ORLANDO, Fla. — As he ran South Carolina’s clinching touchdown into the teeth of Central Florida’s student section, running back Mike Davis held index finger to facemask to make his point clear.

This was his game. Time for UCF’s sellout home crowd to go home in silence.

After a scoreless first half, Davis carried No. 12 USC on his back Saturday as the Gamecocks erased a 10-point deficit to beat UCF 28-25 before a sellout crowd of 47,605 at Bright House Networks Stadium. Davis had 17 yards on five carries in the first half. He finished with 167 yards on carries and three second-half touchdowns.

“Those guys, they had the momentum,” Davis said of UCF. “So I felt that sooner or later I’d have to make a big play to quiet the crowd and to get our team rolling, to get (our) guys pumped up.”

Davis’ first touchdown was a 53-yard run that put the Gamecocks on the scoreboard. The sophomore tailback now has three 50-yard runs this season, most in the SEC. He entered Saturday tied with LSU’s Jeremy Hill.

His three touchdowns gave him six on the season, which also ties Hill for the SEC lead.

Davis said he didn’t plead for more carries at halftime. His frustration was in the team’s 10-0 hole, not his lack of touches. The tailback said he was feeling a little ill Saturday, thanks to roommates Chris Moody, Kendric Salley and T.J. Gurley cranking the air condition in their apartment this week — even when it rained outside.

“I guess I just have to keep going in there and cutting the AC off, put it on low,” Davis said.

Regardless, Davis handled his second-half workout with ease. Early in the third quarter, it became clear USC simply needed to keep giving its lead running back the football.

“He’s a good back, and we gave it to him,” Spurrier said. “We gave it to him a lot like we used to do with Marcus Lattimore. If you’ve been around, Marcus Lattimore used to get 40 carries also. So it’s not unusual.”

By the time Davis had his third touchdown run, there was already a mass exodus of UCF students. Many showed up hours before the noon kickoff on ABC, anticipating what was dubbed arguably the biggest game in UCF history.

They left after USC made it 28-10 in the fourth quarter.

The Knights were playing their first game on network television, trying to beat only the second ranked opponent in program history. They also had a chance to improve to 4-0 for the first time in 25 years. A win would have moved UCF in the top 25 nationally.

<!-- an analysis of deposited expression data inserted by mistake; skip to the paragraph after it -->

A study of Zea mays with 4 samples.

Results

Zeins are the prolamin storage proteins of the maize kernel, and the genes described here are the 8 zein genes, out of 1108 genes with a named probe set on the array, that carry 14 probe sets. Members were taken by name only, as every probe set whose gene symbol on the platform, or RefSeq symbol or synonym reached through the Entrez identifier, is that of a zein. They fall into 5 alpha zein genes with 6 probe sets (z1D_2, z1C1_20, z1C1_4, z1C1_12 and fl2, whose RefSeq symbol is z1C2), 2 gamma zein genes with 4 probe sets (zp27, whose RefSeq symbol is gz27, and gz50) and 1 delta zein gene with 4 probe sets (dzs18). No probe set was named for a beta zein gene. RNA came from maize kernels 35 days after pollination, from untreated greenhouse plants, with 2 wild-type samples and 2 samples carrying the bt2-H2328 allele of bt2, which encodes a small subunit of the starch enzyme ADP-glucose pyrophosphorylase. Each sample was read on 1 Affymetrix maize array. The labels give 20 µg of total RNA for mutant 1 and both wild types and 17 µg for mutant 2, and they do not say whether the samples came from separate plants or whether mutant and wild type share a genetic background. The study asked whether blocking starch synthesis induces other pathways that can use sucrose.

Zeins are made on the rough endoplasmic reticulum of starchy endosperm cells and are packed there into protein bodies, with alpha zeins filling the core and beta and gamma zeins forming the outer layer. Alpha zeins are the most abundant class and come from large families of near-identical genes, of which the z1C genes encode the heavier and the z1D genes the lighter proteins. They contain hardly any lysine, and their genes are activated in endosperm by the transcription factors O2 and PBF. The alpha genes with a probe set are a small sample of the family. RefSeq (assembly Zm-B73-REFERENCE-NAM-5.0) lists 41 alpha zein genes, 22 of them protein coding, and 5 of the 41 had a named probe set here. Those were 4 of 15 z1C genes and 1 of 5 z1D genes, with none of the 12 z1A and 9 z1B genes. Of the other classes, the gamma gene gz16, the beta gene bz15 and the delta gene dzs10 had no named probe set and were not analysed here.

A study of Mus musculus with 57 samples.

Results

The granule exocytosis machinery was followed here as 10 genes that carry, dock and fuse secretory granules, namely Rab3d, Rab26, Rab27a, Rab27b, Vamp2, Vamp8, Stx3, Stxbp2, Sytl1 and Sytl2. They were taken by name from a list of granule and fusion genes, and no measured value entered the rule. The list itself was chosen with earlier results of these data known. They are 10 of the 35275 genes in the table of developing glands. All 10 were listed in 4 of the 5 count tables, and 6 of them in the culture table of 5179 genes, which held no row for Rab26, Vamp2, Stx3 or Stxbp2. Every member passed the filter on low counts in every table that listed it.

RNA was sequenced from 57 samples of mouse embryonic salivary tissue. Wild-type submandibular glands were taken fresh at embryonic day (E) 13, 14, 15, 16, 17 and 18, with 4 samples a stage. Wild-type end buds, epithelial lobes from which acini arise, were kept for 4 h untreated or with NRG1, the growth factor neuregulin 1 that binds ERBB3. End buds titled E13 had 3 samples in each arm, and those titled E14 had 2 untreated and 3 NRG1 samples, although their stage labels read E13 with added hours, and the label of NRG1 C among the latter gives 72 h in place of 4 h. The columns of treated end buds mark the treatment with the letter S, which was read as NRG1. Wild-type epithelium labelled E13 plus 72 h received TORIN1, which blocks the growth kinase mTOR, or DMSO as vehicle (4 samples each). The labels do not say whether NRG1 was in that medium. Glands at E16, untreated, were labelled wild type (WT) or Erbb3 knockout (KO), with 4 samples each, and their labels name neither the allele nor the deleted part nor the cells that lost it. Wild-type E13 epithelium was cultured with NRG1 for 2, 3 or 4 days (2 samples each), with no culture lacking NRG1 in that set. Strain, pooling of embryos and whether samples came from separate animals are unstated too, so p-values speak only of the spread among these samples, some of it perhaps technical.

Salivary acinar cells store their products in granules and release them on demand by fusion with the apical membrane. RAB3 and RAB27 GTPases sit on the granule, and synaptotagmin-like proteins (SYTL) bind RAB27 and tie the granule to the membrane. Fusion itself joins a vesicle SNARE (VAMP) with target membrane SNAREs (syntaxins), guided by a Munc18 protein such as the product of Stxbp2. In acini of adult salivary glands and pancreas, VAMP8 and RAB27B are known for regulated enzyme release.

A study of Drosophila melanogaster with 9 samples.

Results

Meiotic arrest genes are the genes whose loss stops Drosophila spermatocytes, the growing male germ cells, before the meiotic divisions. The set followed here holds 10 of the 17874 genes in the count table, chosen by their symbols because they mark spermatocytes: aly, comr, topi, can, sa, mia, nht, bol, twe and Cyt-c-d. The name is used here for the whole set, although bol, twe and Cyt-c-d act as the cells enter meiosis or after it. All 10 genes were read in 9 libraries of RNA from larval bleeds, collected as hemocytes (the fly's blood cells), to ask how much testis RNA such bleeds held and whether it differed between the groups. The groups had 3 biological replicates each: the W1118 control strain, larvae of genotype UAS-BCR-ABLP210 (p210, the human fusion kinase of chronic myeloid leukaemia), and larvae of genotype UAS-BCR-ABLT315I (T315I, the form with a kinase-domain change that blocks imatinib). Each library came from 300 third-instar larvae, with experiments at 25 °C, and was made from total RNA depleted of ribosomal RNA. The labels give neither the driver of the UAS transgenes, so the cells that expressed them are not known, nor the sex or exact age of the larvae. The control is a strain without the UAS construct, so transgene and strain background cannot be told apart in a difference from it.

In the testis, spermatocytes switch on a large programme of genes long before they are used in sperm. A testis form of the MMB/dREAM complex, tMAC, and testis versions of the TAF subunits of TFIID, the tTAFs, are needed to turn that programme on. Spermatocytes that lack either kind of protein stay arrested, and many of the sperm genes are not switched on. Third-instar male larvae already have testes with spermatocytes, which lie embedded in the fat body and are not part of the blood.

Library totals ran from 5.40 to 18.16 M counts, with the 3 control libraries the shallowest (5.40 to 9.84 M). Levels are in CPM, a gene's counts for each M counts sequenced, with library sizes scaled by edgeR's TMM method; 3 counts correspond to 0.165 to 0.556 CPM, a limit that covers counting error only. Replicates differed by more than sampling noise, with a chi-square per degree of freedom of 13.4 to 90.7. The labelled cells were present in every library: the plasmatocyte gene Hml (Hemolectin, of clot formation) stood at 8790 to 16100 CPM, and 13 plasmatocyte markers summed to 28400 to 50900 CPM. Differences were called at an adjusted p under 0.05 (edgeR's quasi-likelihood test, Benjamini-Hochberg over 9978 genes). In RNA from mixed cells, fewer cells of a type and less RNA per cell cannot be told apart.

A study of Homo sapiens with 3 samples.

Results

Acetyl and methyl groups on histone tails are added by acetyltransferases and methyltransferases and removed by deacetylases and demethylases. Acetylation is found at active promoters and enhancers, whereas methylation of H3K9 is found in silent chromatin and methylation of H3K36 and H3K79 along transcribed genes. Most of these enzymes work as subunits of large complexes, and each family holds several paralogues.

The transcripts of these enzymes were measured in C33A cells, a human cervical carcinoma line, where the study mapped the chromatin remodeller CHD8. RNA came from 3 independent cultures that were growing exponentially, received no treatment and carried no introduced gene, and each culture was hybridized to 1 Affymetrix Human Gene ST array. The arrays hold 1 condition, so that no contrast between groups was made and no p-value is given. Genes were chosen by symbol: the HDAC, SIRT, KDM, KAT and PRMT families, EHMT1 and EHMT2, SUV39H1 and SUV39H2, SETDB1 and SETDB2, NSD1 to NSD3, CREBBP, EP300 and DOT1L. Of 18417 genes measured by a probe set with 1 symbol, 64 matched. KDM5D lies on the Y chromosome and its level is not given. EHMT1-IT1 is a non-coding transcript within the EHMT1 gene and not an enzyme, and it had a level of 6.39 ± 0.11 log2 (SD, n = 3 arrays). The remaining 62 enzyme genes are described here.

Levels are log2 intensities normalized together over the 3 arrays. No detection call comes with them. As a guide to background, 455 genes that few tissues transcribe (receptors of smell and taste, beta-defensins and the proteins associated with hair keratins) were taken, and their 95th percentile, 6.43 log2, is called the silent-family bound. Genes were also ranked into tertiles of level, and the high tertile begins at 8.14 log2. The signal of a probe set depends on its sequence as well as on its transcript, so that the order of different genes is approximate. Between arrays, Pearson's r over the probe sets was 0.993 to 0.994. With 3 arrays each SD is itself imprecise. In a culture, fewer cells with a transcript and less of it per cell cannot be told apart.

Davis made sure that didn’t happen.

The sophomore helped ease pressure off backup quarterback Dylan Thompson, who replaced starter Connor Shaw after the first series. Shaw sprained his right, throwing shoulder while fumbling on USC’s first possession.

Thompson completed 15-of-32 passes for 262 yards and an interception. He added a 2-yard touchdown run that gave USC the lead for good at 14-10 in the third quarter. Junior receiver Bruce Ellington led USC with four catches for 88 yards, following his 100-yard game two weeks ago against Vanderbilt.

“I just thank the Lord we have Mike Davis on our team,” Thompson said. “Mike is a great player. Turn around, hand it to him and just watch him go for 20, 30 or 40 yards. Do it again, and do it again — just answering the call every single time.”

UCF quarterback Blake Bortles had his worst game of the season, completing 22-of-33 passes for 258 yards and two interceptions. Bortles had two touchdown passes, the first a 73-yarder to UCF receiver Rannell Hall, who had seven catches for 135 yards. Hall caught a second touchdown with two minutes left that pulled UCF within a field goal.

UCF’s final touchdown came after a Davis fumble, breaking up the sophomore’s perfect game.

“I went the wrong way, and the guy put his helmet right on the ball,” Davis said. “I have to cover it up. The gloves were wet, but it’s all my fault. It’s all on me. No excuses.”

It was all on Davis down in Orlando. Except for one mistake, Davis carried his team to victory.

Junior receiver Damiere Byrd said the fumble doesn’t diminish anybody’s confidence in USC’s new star running back.

“Toward the end of the game when we’re up, we’re fine with him running the ball,” Byrd said. “He’s a player, and with the ball in his hands he does great things.”